Graduate and Undergraduate Courses
Many courses offered by the Law School are available to non-law students and can complement studies in other disciplines. The Law School embraces interdisciplinary learning and welcomes the diverse perspective brought to our classrooms by students pursuing degrees outside the legal profession. Whether you want to incorporate a legal perspective into your current studies or are exploring the possibility of pursuing a law degree, taking a Law School course can be an enriching experience. Additionally, graduate or professional students are welcome to pursue a Law Minor, while undergraduates can pursue a Business Law Minor.
Most Law School Courses are taught at the 6000 level. More information is available on the alphabetical course listing. These courses generally are open on a space-available basis. Some courses may require individual approval by the faculty member teaching the course. All communication should be conducted through the Law School Registrar via the Non-Law Student Petition for Law Courses form. First-year law courses (6001-6009) and experiential learning courses (7000 level) are open only to law students.
How to Enroll in a Law Course
Students may directly register for 3000- and 5000-level courses. For the two 5000-level courses with a 3000-level equivalent, undergraduates may only register in the 3000-level course. It is strongly recommended that undergraduates take Law 3000 and/or Law 3050 prior to enrolling in any 5000-level courses.
Students who would like to enroll in 6000-level courses must complete the Non-Law Student Petition for Law Courses form and email it to email@example.com. Space is occasionally available in 6000-level courses but enrollment is managed via the petition form.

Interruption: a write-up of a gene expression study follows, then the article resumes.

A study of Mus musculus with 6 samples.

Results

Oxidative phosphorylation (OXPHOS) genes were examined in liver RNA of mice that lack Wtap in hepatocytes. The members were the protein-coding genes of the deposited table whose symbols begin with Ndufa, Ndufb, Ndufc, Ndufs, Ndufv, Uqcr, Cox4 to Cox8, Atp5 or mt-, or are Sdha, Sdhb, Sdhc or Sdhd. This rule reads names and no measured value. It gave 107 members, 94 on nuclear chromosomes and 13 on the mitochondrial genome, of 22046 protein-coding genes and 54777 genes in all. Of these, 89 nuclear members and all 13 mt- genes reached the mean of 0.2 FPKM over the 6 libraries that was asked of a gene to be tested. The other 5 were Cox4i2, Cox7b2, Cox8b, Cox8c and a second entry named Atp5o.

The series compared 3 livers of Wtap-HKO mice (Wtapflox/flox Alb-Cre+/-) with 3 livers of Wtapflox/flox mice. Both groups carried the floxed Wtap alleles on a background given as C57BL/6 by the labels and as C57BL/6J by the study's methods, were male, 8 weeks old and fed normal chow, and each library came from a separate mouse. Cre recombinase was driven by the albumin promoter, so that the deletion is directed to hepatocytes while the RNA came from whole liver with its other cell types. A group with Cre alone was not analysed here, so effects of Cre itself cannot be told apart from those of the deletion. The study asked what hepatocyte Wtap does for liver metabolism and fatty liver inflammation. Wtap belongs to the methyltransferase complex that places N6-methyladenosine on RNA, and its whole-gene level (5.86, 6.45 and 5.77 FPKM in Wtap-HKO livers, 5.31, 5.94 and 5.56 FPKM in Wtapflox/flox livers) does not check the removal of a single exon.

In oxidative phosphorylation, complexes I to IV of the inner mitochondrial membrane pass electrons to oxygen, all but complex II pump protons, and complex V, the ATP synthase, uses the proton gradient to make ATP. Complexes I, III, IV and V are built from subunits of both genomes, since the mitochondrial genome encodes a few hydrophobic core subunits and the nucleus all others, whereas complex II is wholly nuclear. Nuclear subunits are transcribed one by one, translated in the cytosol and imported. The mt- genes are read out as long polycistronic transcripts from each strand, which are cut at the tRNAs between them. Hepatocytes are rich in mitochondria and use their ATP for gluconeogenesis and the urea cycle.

Graduate Law Minor
Graduate and professional students are welcome to obtain a Law Minor, available to both master’s (M.A. and M.S.) and doctoral students. A master’s minor requires 6 law credits; a doctoral minor requires 12. A student should first meet with the Law School’s Director of Graduate Studies, Professor Fred Morrison, to discuss course options. The student should then declare the intention to earn a Minor in Law by completing the Declaration of Law Minor form. Students also must work with the Graduate Student Services and Progress office to register their minor on the Graduate Degree plan. See instructions above for how to enroll in Law School courses. Email firstname.lastname@example.org with questions.
Undergraduate Business Law Minor
Through courses offered at the Law School and the Carlson School of Management, students can earn an Undergraduate Business Law Minor while exploring issues and concepts at the intersection of law and business. The Undergraduate Business Law Minor enables students to explore issues and concepts at the intersection of law and business. Students will learn analytical techniques that will be helpful in business settings and that can prepare them for further study in a law school, MBA program, or other graduate program. Required and elective courses in the minor are offered through the Law School and the Carlson School of Management. All advising is through the Undergraduate Program Office in the Carlson School, room 2-190 Hanson Hall (612-624-3313). The Business Law Advisor can be reached at email@example.com. The minor is available to undergraduate, degree-seeking students at the University of Minnesota.
Grading: In accordance with University policy, graduate, undergraduate, and law students who are in the same class may be graded separately and held to different standards of academic performance and accomplishment.
Exams and Assignments: Non-law students must adhere to Law School policies on exams and assignments and must take exams according to the same schedule as law students (although the 3000-level classes will have exams on the undergraduate schedule). Exceptions are available only for extraordinary circumstances and may be granted only by the Law School Dean of Students.
Effect of Enrollment: Credit for law courses taken by non-law students is generally not transferrable to the Juris Doctor or LL.M. programs at ABA-accredited Law Schools, including the University of Minnesota Law School.